Editorial

EDITORIAL: New Hospital Needed But No Remedy for Health Disparities

Wayne Turnage, D.C.’s Deputy Mayor for Health and Human Services, joined a Zoom call this week with more than 70 Ward 8 ANC commissioners and residents updating them on the new hospital at St. Elizabeth’s East slated to open in 2024.

Turnage opened the presentation with stark statistics revealing Wards 8, 7 and 5 having the lowest life expectancy rates among all residents of the District’s eight wards. Specifically, Ward 8 has the shortest life expectancy at 72 years, compared to Ward 3, with the highest at 87.6 years.

He listed health conditions among the predominately Black and poor in Wards 7 and 8 and then pointed to the lack of a quality health care system as a significant contributing factor. United Medical Center, the area’s nearest hospital, has served its purpose, he said, but it is an old facility that has been in decline since 2011 when he came to D.C. It is inefficient to operate, it lacks a physician referral network and the revenue losses determine services based upon costs and not the needs of the residents.

For these reasons and more, the commissioners voted to offer a letter of support for the new $306 million, 136-inpatient bed, full-service GW Hospital at St. Elizabeths. In addition to care, questions arose regarding construction and other job opportunities and ways small businesses could support the new hospital system.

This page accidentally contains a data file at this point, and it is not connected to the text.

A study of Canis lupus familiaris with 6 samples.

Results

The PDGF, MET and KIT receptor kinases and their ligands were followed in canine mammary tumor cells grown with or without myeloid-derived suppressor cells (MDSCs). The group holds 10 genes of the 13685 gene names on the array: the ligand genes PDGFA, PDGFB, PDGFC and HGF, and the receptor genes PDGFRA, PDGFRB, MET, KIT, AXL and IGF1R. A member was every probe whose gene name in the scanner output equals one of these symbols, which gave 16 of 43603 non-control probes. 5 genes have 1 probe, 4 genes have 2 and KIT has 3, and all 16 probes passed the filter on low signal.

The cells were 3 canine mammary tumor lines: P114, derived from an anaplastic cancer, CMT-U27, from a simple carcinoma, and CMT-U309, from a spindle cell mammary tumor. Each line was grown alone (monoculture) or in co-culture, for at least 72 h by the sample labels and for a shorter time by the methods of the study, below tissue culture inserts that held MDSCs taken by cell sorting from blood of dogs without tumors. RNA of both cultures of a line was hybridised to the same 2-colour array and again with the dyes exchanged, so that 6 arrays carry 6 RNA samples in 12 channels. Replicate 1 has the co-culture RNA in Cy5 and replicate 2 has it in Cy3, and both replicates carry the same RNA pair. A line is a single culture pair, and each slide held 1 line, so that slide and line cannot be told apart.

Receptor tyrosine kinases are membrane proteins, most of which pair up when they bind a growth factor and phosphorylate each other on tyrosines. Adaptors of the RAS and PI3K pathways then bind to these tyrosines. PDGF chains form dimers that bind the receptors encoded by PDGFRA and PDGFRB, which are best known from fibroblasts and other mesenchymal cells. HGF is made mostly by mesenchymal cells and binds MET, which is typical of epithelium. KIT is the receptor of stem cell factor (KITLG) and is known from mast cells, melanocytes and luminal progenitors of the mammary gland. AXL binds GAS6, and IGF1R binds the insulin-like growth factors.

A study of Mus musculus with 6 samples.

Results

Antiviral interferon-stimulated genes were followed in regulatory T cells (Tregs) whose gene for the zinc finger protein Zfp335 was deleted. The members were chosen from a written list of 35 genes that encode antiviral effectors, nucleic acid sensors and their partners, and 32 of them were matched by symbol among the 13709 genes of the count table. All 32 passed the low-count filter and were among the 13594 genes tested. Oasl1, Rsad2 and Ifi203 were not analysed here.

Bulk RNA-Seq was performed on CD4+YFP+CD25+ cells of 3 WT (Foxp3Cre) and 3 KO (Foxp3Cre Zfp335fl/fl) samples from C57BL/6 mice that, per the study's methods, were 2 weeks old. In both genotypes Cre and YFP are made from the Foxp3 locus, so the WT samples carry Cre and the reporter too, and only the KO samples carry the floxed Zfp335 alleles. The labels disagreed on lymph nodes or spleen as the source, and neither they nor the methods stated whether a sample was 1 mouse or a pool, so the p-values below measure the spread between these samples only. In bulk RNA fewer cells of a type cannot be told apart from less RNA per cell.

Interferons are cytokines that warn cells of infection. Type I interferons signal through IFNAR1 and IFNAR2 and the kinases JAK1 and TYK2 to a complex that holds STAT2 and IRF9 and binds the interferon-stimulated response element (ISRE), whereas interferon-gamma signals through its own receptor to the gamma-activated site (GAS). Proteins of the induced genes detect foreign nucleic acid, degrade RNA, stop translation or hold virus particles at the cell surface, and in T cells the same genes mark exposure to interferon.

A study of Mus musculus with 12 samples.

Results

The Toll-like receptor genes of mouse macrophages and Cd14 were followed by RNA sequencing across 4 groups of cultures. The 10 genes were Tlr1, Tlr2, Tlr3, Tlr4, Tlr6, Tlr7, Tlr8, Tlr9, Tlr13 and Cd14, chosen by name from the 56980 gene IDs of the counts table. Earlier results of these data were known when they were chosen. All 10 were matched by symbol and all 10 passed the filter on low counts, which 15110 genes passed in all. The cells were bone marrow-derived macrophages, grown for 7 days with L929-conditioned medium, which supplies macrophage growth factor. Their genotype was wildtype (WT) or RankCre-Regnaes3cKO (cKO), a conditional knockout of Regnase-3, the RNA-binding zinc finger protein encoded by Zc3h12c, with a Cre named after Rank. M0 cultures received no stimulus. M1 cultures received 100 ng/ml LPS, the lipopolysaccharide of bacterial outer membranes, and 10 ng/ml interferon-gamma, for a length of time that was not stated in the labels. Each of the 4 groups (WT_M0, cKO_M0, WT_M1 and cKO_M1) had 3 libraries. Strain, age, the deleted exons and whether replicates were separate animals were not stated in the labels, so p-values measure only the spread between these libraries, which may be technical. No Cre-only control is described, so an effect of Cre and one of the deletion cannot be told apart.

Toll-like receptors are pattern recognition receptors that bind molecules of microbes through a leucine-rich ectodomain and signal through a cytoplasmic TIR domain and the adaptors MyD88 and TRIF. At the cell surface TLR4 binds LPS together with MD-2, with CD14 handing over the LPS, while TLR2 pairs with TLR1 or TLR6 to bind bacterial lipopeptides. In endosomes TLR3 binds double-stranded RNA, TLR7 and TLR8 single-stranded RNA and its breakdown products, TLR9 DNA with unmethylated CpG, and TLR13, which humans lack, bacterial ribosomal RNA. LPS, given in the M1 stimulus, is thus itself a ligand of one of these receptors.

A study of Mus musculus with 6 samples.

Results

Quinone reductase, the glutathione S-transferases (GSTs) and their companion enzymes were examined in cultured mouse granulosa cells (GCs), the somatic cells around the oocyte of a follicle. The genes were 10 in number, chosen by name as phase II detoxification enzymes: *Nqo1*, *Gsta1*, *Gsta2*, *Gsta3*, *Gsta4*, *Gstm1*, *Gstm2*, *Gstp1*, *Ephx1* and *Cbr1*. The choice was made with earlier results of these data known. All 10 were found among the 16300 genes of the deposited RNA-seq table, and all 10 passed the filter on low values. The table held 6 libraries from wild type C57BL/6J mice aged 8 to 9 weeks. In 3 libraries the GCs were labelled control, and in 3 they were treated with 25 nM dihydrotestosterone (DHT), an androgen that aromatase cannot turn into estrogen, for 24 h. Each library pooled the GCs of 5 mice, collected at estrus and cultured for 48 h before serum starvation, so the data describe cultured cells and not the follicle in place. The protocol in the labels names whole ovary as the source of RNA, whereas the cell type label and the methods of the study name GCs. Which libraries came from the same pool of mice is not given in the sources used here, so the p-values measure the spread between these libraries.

Undoubtedly, a new health care system is greatly needed east of the Anacostia River. The morbidity issues Turnage outlined, including obesity, high blood pressure, cancer, diabetes, heart disease, infant and maternal mortality and drug abuse, can be treated in the new hospital. Still, prevention must be the mission if eliminating disparities is the ultimate goal. A life lost to homicide or suicide, which rank highest in Wards 7 and 8, cannot be treated, but access to preventive services does not need to wait for a new hospital to open.

For several years, the District has assessed the health of its residents to determine how to address residents’ health care needs.

“The DC Community Health Needs Assessment (CHNA) helps us and our community partners in identifying the best strategies for leveraging assets and serving the needs of the many populations living in the District,” D.C. Health Director LaQuandra S. Nesbitt wrote on the DOH website.

But to what end, we ask?

Ward 8 residents have historically demonstrated harmful disparities among most indicators for decades. Yes, a new hospital will surely make a difference for its sickest residents but it is not the remedy for creating a healthy community.